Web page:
Clarion Masthead

PSC reaches contract deal

At a June 23 meeting, members of the PSC Delegate Assembly vote to send the tentative contract agreement to members for ratification vote.

Six years after its last contract with CUNY expired, the PSC bargaining team emerged from a round-the-clock bargaining session on June 16 with a new agreement in hand, just days after CUNY reached an agreement with District 37 of the American Federation of State, County and Municipal Employees.

The tentative agreement would provide 10.4 percent raises – including back pay – spread across seven years. And, for the first time, members who work as adjuncts will have the opportunity for multiyear appointments once they meet certain eligibility criteria.

Other gains include a clear path to achieving workload reduction in the near future for full-time faculty, and greater opportunities for advancement among higher education officers (HEOs).


Teachers in the CLIP and CUNY Start programs will be moved onto annualized salary lines – another first – and library faculty will see an increase in annual leave that is more commensurate with the leave policy afforded other full-time faculty.

The agreement was put before the union’s general membership for a ratification vote as this issue of Clarion went to press. The vote will conclude on August 3. (See the article on voting methods on this page.)

The agreement contains gains for each of the 27,000 CUNY faculty and employees represented by the PSC.

In a written statement – after extending thanks to Governor Andrew Cuomo, who approved the $240 million the PSC insisted was necessary for retroactive raises, and to Mayor Bill de Blasio – CUNY Chancellor James B. Milliken thanked Bowen and the PSC bargaining team “for the countless hours they dedicated to reaching this successful resolution.”

He continued: “This agreement provides not only a much-needed increase in pay for our many faculty and staff, but it also includes additional provisions important to CUNY’s competitiveness for talent at all levels.”

“I am inspired by the PSC membership,” Bowen said in her statement. “We were able to negotiate a strong, imaginative contract in a period of enforced austerity for public workers because our members mobilized. The fight for our contract was a fight for investment in quality education at CUNY. On behalf of the union bargaining team, I commend our negotiating partners at CUNY, and I thank the many lawmakers in Albany and New York City – as well as the students and community groups – who offered essential support.”

First among the sticking points during negotiations was the multi-year appointment for adjuncts. First Vice President Mike Fabricant described management as putting up fierce resistance to the idea because it represents a structural change – one that strikes a blow against the trend of staffing the university with growing numbers of contingent employees.


“Is it ideal, is it pure? Absolutely not,” Fabricant said of the adjunct appointment agreement to members at a PSC Delegate Assembly on June 23. “Does it represent a significant advance on job security? Without a doubt.”

The road to the current tentative agreement proved treacherous, full of hairpin turns and sudden stops. After the PSC began escalating its actions, beginning with an October 1 protest outside the apartment building where Milliken lives, negotiations grew more intense, with CUNY making its first economic offer on November 4, the day the union staged a disruptive action at the entrance to the building that houses CUNY headquarters, at which 52 PSC members were arrested. The offer, however, was for a mere 6 percent increase, which Bowen deemed “insulting.”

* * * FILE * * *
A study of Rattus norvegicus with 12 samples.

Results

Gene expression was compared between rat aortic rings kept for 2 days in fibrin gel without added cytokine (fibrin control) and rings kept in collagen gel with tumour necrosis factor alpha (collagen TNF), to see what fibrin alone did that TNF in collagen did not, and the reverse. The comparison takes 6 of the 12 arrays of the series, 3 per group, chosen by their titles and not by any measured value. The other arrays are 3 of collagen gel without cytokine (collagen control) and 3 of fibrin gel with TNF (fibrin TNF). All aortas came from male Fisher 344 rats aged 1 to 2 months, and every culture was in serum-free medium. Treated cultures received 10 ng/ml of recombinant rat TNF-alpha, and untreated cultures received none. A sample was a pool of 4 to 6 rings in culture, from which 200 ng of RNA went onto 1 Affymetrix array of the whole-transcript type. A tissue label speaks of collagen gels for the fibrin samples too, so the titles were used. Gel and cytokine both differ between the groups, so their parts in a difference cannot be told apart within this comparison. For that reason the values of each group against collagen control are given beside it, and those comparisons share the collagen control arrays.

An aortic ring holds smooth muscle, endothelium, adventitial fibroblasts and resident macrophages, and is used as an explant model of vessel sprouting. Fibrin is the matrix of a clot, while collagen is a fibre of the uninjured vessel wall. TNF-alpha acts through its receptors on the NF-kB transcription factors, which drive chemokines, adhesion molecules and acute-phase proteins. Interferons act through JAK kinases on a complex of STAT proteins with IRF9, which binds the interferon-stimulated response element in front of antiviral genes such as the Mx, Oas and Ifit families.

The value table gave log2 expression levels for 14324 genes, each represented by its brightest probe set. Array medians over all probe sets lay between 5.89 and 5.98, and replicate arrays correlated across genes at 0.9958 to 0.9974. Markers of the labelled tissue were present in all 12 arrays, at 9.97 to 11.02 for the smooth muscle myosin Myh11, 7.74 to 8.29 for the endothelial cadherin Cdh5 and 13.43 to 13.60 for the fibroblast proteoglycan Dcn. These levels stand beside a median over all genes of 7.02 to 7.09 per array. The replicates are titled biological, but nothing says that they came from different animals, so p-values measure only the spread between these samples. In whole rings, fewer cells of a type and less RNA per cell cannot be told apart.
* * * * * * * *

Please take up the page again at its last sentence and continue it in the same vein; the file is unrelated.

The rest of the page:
In his January budget message, Cuomo proposed reducing state funding to senior colleges by $485 million and leave the city to fill in the gap — at the same time he proposed providing $240 million to CUNY for the settlement of union contracts. The $240 million for back pay and salary was later cast into doubt, but the Legislature ultimately prevailed and funding for CUNY senior colleges was included in the state budget — only at last year’s level. To achieve contract settlements, CUNY worked with the city and the state, with clear support from the State Assembly, to identify funds for back pay to 2012.


Meanwhile, the union engaged with community and religious organizations, whose leaders and members joined in actions calling on the governor, the state legislature and city lawmakers to fund CUNY adequately – both for maintaining facilities and programs, and for decent pay for university faculty and employees.

By March 24, with no agreement at hand, the union staged yet another disruptive action, this one outside the governor’s New York City offices, where 41 members lay on the sidewalk amid chants by around a thousand members, students and allies who cried, “Don’t let CUNY die!”

In May, the union conducted a strike authorization vote in which 92 percent of the 10,000 members who voted cast a ballot to authorize the union’s Executive Council to call a strike – despite the repercussions both the union and individual members could experience under the state’s Taylor Law, which forbids strikes by public employees. The June negotiations that yielded the tentative agreement took place with the threat of a strike looming for the fall semester.

“We got what we got because we picketed the chancellor’s house, because we got arrested – twice,” said bargaining team member Blanca Vázquez to the June Delegate Assembly, at which the delegates voted 111-11 to refer the agreement to the membership for ratification. “We got what we got because we mobilized all of those conversations and got the 92 percent. Every time we moved, they moved.”